Scotland (where I find myself living for now) has much to offer: stunning scenery, whisky, thriving culture and haggis (seriously – it’s great.) Even better than that, letting-agent charges to tenants have been outlawed since 1984. It’s quite simple: anything other than a deposit or rent in advance (what the relevant act calls ‘a premium’) is verboten. Illegal. Banned.
Except, since the date of the legislation’s enactment, agents have carried on their own sweet way, levying bizarre, random fees with imaginative names. However, if you point out that the charges, no matter what they are called, are illegal, agents sneer, and basically, extort money by insisting that knowledgeable tenants who refuse, are not granted the tenancy.
What to do? Well, here are two stories. My last agent demanded the best name for a charge I’ve ever heard: ‘a continuous affordability assessment fee.’ Not a premium - no siree bob. And they also wanted £30 for a reference for my next home, which, since I had been given notice my former place as the owners were returning from abroad, I thought was slightly…cheeky. I visited the office, and reminded (or informed) them that such fees were illegal. The receptionist denied everything, went to ask for confirmation, and returned smirking: ‘I don’t know who told you that, but that’s what we charge.’ No fee no reference? ‘That’s what we charge.’
Okay - I paid and (vowing restitution) moved out. During the now inevitable deposit tussle, they tried to retain a chunk of my money for damage caused before I had moved in, so I wrote a very stern letter. Demanding a fee without which tenants can’t secure their next home is extortion (a criminal offence) and their representative was either lying or incompetent when insisting on fees. I quoted the legislation, provided links to various legal sites, and gave them seven days to refund my charges, or be taken to court.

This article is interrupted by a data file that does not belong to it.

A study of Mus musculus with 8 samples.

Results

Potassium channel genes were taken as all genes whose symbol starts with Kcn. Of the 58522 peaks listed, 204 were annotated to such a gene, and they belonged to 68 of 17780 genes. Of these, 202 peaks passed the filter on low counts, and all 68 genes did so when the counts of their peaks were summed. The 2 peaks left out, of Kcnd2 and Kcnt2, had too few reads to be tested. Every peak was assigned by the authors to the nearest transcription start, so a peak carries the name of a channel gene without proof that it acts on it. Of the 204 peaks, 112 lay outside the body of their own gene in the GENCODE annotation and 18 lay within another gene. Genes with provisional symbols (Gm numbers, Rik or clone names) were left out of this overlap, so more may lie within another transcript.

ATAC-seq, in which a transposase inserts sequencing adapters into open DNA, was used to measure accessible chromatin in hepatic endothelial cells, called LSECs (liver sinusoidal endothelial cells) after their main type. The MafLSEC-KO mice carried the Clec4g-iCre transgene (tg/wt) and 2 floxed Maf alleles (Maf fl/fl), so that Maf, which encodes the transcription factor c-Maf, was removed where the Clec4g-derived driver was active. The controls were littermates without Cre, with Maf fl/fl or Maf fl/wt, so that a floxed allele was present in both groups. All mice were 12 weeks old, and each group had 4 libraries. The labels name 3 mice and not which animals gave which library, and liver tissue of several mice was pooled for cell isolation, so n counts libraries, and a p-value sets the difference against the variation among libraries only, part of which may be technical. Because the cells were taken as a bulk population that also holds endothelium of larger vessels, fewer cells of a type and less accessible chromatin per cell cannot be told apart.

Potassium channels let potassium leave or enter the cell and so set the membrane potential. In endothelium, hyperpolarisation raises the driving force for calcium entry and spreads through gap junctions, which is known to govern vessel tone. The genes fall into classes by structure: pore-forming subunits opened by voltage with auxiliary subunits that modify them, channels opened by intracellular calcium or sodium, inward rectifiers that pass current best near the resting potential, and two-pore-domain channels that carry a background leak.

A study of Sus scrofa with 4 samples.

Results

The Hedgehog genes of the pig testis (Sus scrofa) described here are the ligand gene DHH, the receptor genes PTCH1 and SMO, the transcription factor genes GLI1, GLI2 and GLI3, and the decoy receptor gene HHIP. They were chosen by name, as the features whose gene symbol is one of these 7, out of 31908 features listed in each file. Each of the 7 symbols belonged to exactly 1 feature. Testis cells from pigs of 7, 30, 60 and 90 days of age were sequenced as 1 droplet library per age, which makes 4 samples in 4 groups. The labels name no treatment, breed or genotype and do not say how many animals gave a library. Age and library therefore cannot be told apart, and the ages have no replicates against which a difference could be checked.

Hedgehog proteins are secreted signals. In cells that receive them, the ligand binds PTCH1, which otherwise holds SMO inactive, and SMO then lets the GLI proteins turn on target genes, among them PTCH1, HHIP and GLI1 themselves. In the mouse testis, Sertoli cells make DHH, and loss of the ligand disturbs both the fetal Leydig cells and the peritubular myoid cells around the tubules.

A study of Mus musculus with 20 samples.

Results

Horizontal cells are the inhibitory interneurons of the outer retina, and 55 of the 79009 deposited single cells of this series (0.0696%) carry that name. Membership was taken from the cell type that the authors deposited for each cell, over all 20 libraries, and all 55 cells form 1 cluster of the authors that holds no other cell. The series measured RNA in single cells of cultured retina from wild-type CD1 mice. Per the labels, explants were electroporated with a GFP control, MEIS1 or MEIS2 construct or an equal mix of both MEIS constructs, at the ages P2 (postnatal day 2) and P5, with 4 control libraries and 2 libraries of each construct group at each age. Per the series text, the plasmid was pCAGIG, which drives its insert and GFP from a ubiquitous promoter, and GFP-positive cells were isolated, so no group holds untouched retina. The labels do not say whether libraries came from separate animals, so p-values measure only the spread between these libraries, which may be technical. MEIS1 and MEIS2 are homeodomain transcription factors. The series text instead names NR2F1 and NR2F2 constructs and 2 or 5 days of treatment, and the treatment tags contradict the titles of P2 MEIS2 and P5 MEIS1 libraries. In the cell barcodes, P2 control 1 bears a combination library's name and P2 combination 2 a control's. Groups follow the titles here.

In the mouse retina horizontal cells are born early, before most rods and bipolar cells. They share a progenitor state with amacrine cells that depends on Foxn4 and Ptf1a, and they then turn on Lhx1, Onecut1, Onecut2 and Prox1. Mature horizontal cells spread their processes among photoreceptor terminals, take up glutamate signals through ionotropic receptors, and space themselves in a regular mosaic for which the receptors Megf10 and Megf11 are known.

They sent me a cheque even faster than I had asked. I thought: myohmy - somebody doesn’t want to get sued. In their craven submission, they changed tack: fees or ‘premiums’ are not as they had previously maintained legal, but ‘a grey area’ (they aren’t) however they would pay up to ‘stay on good terms.’
I would have taken them to the small claims court: it’s easier than most people imagine, something my newest letting agent will soon discover, having just refused to refund charges purported to cover: ‘guided viewing, reference checks, a welcome pack, and notifying utility companies of change of tenant.’ Brilliant. Seriously: very imaginatve.
Utilities? I did that. Welcome pack? A wad of photocopies, but they even messed that up with an inventory I successfully contested (with photo evidence). My favourite is the ‘guided viewing.’ Have you heard of a non-guided viewing? Also, they say this fee would not have restricted my being able to secure the property. So I paid voluntarily? I could have moved in without stumping up? If only they’d said at the time…
I am wondering if the agent is desperately out of her depth, ignorant or just fancies seeing the inside of a court (my next task is completing the forms.) Shelter have been running a campaign to publicise the illegality of these fees. I shall keep you posted.